Rural businesses face "digital exclusion" due to underinvestment in connectivity
New research finds that the pandemic has created a “Catch-22 situation” for residents and businesses based in rural areas
Rural businesses face digital exclusion as government policies that aim to help them rebound from the pandemic are not “rural-proofed”.
That's according to a new report from non-profit research organisation Rural England CIC, which highlights the challenges faced by rural areas as they rebuild from the impacts of the pandemic.
The report found that one in six rural residents cannot access superfast broadband, with more than half unable to get an indoor 4G mobile connection on all four of the UK’s main mobile networks.
This is despite 93% of rural residents increasing their use of online services over the course of the pandemic, while over half started using some online services for the first time.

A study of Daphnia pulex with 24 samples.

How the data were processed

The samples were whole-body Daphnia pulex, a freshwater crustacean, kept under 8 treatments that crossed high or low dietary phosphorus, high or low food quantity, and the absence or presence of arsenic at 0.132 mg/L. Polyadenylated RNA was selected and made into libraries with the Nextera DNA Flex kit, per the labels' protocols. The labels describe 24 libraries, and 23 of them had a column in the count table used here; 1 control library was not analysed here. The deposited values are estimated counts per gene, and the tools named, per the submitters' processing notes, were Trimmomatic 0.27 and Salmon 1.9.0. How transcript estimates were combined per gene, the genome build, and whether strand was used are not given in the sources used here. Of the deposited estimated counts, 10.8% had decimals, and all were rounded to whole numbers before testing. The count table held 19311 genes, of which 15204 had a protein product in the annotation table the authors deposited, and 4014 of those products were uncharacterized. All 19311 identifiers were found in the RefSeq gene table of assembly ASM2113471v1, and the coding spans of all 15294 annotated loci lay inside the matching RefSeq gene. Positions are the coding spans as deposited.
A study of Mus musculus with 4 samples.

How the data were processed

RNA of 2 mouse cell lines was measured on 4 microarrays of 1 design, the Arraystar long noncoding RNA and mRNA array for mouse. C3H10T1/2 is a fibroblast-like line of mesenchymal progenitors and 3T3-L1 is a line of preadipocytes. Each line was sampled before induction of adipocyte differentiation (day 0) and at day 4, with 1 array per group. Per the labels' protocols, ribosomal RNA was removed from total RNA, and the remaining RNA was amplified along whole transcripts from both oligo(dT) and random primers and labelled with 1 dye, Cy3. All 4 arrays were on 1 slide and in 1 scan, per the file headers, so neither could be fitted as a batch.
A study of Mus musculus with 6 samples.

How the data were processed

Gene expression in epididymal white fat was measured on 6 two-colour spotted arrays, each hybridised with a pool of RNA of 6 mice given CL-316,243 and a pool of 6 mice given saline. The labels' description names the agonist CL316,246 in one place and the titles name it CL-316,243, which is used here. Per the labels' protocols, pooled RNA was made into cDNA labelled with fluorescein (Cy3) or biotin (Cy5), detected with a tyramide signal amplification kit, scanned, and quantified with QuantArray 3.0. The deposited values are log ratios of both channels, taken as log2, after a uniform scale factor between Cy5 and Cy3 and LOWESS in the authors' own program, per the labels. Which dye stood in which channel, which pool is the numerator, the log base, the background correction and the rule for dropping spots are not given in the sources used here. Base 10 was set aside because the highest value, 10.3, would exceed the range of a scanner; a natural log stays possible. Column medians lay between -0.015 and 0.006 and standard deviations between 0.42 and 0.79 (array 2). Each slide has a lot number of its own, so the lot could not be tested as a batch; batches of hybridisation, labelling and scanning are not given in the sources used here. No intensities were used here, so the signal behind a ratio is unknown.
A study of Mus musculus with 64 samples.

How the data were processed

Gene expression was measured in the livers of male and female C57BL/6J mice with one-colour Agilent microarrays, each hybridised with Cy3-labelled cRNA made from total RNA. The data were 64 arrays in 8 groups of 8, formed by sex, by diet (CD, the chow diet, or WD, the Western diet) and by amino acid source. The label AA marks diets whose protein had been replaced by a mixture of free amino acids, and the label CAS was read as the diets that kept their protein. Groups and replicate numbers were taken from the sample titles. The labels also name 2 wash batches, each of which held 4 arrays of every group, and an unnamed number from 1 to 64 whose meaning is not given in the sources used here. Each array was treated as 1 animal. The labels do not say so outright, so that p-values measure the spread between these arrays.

“The growing appetite for online services is no bad thing, but it will have significant consequences for those rural residents facing digital exclusion due to lack of online skills and connectivity. Rural areas, which already face disadvantage, need to be supported to ensure that businesses and communities can thrive and are not left behind as the nation builds back following the pandemic,” he added.
“With the upcoming levelling up programmes, it is vital that public policies and programmes are rural-proofed,” he said.
House of Lords member Lord Ewen Cameron of Dillington, called on the government to not ignore rural residents and businesses as the nation rebuilds from the pandemic.
“Those who find it more difficult to adapt to online services are at risk of further challenges in accessing already harder to reach services. This report launched today provides a vital on-going snapshot of how well rural services are being delivered, and what effect that delivery is having on the quality of life in our countryside,” he said.
In April 2021, Three's head of Government Affairs Simon Miller argued that the UK government continues to ignore business use cases across rural areas when rolling out network infrastructure, leading to “structural and systemic issues that make it hard and disproportionately expensive to build out networks to those communities”.